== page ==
The Telegraph
Sunday , May 18 , 2014

- Knives out for Rahul’s advisers after election rout

New Delhi, May 17: Several senior Congress leaders today asked what they could have done in the face of a “ferocious” Modi wave, causing concern within the party that they were looking for excuses, not answers, after its worst-ever election battering.

These leaders chose to overlook that Narendra Modi had built the “wave” himself, drop by drop, aided by the Sangh parivar machinery. Whether it was the corporate or media outreach, caste engineering or the endless rallies, Modi meticulously worked out every detail.

Essentially a state leader till a few months ago, he expanded his appeal across the country while the Congress did nothing, lulled by its ideas about the limitations of a divisive politician.

The Congress’s vote share fell to 19.3 per cent. The previous worst, 25.82 per cent in 1998 under Sitaram Kesri, had prompted Sonia Gandhi to take the plunge into politics.

Rahul Gandhi, who led the party’s 2014 campaign, had in his first address to a Congress plenary, in Hyderabad in 2006, identified that “the party declined because Congressmen stopped going to the field, giving voice to the people’s concerns”.

But no action followed. Leaders who had never fought an election continued to run the party’s affairs while many multiple election winners were ignored.

During the campaign for the last Uttar Pradesh Assembly elections, Rahul had promised to stay with the state’s people irrespective of victory or loss. But after the Congress was routed, he did not keep his word.

In Bihar, no senior leader visited the state after the defeat in the 2010 state elections.

The same story was repeated in Odisha where the Congress won 38.5 per cent votes and 38 Assembly seats in 2004, and 29.11 per cent votes and 27 seats in 2009. This time, it has been left with 25.7 per cent votes and 16 seats.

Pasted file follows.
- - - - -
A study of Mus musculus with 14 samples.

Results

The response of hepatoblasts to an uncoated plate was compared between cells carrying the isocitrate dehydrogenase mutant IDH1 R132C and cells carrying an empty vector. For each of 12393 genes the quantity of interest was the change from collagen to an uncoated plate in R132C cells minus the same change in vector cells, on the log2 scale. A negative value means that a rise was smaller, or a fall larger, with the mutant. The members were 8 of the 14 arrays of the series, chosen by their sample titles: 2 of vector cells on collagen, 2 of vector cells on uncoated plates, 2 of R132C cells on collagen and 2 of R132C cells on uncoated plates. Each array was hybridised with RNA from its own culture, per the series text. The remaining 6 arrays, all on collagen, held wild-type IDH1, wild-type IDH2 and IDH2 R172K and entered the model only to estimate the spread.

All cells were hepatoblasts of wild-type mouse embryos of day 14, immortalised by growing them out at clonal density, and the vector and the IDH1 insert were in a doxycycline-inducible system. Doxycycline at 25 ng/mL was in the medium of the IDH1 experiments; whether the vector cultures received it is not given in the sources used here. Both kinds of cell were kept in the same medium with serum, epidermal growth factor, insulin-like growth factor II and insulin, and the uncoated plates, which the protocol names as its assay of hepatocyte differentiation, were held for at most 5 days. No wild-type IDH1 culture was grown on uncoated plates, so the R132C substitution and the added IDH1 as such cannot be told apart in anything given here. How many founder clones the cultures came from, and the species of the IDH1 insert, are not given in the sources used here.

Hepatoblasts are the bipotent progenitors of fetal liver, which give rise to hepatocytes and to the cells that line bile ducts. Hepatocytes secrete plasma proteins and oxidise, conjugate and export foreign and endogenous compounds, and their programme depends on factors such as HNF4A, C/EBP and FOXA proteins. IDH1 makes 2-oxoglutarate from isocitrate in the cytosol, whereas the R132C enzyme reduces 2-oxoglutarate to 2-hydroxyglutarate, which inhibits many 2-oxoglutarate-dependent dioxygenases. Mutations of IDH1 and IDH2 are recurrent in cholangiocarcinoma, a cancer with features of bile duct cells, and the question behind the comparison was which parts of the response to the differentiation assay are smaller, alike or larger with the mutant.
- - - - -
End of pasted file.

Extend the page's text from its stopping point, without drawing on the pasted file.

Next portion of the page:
“Our strategists were trying to extract votes from the computer,” a Congress leader said sarcastically.

The leadership’s reluctance to analyse the problems and prescribe the right medicine has caused dismay. Rumours that Sonia and Rahul might offer to resign at Monday’s working committee meeting, owning responsibility for the rout, too have evoked exasperation among most.

“What is this nautanki (drama)?” a senior leader told The Telegraph. “We know that only Sonia can steer us through this crisis. Everybody in the Congress knows that Sonia is needed more than ever now.”

Another leader said: “If Sonia indeed offers to quit, there will a high-decibel public show of loyalty and sycophancy and people will make fun of us. This is the time to show maturity and grit.”

The leader added: “There is no denying that Rahul should be asked to mend his ways and Sonia herself should convey this to him at the working committee. Rahul should accept his mistakes and promise to take corrective measures. He can’t escape responsibility for this shameful rout.”

Rahul’s “body language” — he was smiling — when he appeared before the media yesterday to accept defeat has become a talking point in the party.

The knives are out for the Congress vice-president’s “chosen team”, which has handled party affairs for the past two years.

Congress leaders, young and old, are pointing largely at the same set of “villains”. Mohan Gopal, Mohan Prakash, Jairam Ramesh and Madhusudan Mistry are being blamed most often, with some targeting Janardan Dwivedi, C.P. Joshi and Kanishka Singh too.

Gopal, who heads the Rajiv Gandhi Institute for Contemporary Studies, is the key behind-the-scenes strategist; Mistry played a significant role in candidate selection; Jairam, the rural development minister, was part of Rahul’s core team of advisers and helped draft policies and speeches.

Prakash, Joshi and Dwivedi are general secretaries; Kanishka is the key figure in Rahul’s office. Dwivedi is being blamed because he looked after the media and communication cell for years.

Several former MPs and state leaders are questioning the policies and strategies framed by the party vice-president and his team, though they may not be able to say this in front of Rahul.

The sentiment is not new, not born after yesterday’s rout — they have been talking about it for a long time, especially since the poor results in the December Assembly elections.

Assam chief minister Tarun Gogoi has admitted in an interview that he had warned Rahul several times about the party’s failures in communication.

Rahul’s idea of primaries and his “na´ve” experiments in the Youth Congress have also come under heavy criticism.